Tame Taxes in Your Taxable Account
Some hands-on strategies to minimize your tax hit.
Taxable accounts are appealing for the flexibility they offer, and they make a lot of sense for short-term savings and as a location for additional investments beyond contributions to tax-sheltered accounts. The obvious drawback, of course, is that your earnings are subject to taxes. Don't throw in the towel just yet, though. You can employ a few strategies to keep as much money in your pockets as possible.
Avoid Short-Term Gains
The simplest way to avoid losing unnecessary cash to taxes is to avoid short-term gains as much as possible. If you hold a security for a least a year before selling, your gains qualify for a reduced, long-term capital gains tax rate. Gains realized within a year of the purchase date are taxed as regular income, while the tax rate for long-term capital gains is only 15% for most investors. From 2008 until 2010, taxpayers in the bottom two income brackets do not owe any taxes on long-term capital gains.
Holding onto an investment for at least a year substantially increases your aftertax return. If you do a lot of short-term trading, on the other hand, a big chunk of your gains will go to Uncle Sam.
Pick Tax-Efficient Investments
Carefully selecting investments can also help reduce your tax hit from investments within your taxable accounts.
Unlike stocks, you could be liable for taxes on your mutual funds even if you have not sold them for a gain. Mutual fund holders must pay taxes on all fund distributions, including capital gains that occur whenever a manager sells an underlying holding for more than its purchase price, so it's important to evaluate funds' tax efficiencies before purchasing them. Morningstar mutual fund analyst Katie Rushkewicz outlines key data points to check in this article, including turnover ratio, tax-adjusted return, and tax-cost ratio.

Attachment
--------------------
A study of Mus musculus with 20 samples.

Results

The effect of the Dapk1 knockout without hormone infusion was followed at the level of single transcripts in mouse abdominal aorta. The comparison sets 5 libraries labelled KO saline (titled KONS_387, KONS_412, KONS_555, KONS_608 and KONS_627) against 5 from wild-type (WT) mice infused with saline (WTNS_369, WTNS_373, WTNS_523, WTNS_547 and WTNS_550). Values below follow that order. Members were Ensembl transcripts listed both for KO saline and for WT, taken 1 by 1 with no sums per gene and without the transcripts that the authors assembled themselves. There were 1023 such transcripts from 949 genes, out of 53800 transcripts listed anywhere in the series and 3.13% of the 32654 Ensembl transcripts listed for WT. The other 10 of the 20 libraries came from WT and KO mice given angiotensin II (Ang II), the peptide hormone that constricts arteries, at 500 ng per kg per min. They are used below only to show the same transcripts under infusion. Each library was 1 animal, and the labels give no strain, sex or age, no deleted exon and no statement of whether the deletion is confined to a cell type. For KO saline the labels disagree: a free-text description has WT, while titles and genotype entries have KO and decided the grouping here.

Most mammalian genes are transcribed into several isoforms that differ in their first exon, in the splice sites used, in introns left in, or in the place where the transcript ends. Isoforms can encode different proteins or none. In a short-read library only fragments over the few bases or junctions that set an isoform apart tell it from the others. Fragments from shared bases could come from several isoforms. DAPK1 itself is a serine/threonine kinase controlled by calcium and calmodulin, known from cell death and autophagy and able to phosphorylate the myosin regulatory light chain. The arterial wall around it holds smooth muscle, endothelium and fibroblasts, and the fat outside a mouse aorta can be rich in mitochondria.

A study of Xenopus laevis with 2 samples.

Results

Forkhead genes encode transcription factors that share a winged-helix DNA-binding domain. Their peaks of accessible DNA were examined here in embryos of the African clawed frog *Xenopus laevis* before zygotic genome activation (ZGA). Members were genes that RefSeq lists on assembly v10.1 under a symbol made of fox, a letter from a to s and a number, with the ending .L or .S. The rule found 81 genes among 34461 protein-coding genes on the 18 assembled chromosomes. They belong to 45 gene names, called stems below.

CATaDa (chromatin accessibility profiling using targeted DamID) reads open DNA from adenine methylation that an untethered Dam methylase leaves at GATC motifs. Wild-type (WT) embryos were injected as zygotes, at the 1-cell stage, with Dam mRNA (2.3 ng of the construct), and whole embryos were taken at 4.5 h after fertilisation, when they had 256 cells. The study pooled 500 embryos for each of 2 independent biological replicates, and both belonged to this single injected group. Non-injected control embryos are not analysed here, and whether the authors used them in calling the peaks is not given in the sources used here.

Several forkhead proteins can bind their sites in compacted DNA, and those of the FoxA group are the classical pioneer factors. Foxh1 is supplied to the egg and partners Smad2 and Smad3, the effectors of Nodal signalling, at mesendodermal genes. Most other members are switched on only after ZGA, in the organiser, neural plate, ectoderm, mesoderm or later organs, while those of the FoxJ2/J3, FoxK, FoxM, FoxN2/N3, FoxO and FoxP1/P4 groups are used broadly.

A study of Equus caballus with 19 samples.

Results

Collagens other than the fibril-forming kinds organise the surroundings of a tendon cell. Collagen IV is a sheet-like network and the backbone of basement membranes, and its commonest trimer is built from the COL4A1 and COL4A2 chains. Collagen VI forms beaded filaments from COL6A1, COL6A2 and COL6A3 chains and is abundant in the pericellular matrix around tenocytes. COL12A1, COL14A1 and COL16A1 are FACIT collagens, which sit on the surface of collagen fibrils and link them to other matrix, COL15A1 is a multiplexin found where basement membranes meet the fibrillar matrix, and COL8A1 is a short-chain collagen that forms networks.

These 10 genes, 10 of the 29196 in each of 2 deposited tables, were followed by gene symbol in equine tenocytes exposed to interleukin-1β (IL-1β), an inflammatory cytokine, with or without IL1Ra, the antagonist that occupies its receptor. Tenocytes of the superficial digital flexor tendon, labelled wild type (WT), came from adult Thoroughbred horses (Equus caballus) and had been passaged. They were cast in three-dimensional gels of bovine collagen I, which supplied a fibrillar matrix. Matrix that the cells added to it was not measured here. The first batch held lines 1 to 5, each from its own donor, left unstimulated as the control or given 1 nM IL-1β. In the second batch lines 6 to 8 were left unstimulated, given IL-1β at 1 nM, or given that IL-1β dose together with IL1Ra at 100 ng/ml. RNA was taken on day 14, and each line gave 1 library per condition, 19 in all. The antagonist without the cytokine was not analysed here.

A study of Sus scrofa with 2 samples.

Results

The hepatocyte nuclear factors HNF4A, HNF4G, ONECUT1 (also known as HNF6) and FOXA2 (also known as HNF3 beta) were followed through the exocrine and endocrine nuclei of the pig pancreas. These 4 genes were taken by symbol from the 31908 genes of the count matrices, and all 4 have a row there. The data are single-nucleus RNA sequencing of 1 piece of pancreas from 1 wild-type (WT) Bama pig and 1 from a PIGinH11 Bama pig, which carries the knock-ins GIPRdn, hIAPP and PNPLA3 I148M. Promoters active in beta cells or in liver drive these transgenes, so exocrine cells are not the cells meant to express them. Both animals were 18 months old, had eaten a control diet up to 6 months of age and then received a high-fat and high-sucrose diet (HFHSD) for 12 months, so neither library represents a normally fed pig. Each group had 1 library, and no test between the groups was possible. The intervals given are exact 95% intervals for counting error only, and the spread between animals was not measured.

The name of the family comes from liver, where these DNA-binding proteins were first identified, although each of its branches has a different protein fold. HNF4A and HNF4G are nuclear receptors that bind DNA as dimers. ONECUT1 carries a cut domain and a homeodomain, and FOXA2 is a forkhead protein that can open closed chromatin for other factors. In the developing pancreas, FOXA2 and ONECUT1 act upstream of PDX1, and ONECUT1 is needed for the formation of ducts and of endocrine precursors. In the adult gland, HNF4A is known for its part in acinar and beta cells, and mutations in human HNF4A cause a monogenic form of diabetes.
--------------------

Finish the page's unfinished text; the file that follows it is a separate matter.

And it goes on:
Studies have shown exchange-traded funds can be very tax-efficient over time, but tax benefits vary from ETF to ETF. The fact that most ETFs track indexes partially explains their tax efficiency--trading is kept to a minimum, and gains that are realized frequently qualify as long-term gains.
Furthermore, ETFs are shielded from having to sell underlying holdings to meet redemptions because most trading takes place between shareholders. Still, some ETFs, such as those that track indexes with a large amount of turnover, are not good tax bets.
As with funds, you can look at an ETF's tax-adjusted return and tax-cost ratio to get a sense of its tax exposure. Click here to learn more about ETFs and taxes.
REITs and MLPs
There are special tax considerations if you own real estate investment trusts or master limited partnerships, neither of which pay federal income taxes. REIT dividends are taxed as ordinary income, so it makes sense to save REITs for tax-advantaged accounts. MLPs are taxed in a unique way, and generally should be held in a taxable rather than tax-sheltered account. MLPs are not taxed at the corporate level. Instead, a proportional share of income is taxed at the individual level. This is why partners (as owners of MLPs are called) receive a special tax form (K-1), which breaks down the income attributable to you. This income is taxed at your marginal tax rate, not at the qualified dividend rate. Morningstar dividend expert Josh Peters explains the nitty-gritty tax details of REITs and MLPs in this video.
Employ Tax-Loss Harvesting
Inevitably, your portfolio will include some disappointing performers. No one enjoys realizing a loss, but holdings that seem unlikely to recover in the future can at least help you offset taxes. The loss offsets your taxable gains or, if you do not have any gains, allows you to reduce your taxable income by up to $3,000 each year. If your loss was greater than $3,000, the exceeding amount carries over to the next tax year. A big loss can shield against taxes for several years.
An important restriction to keep in mind if you sell for a loss is something called the wash-sale rule, which prevents you from claiming a loss on a security if you buy a substantially similar holding within 30 days of the sale. You can generally repurchase the same holding after 31 days, but it's a good idea to check with a tax advisor if your situation is complex.
This article has been corrected since its original publication. For details, click here.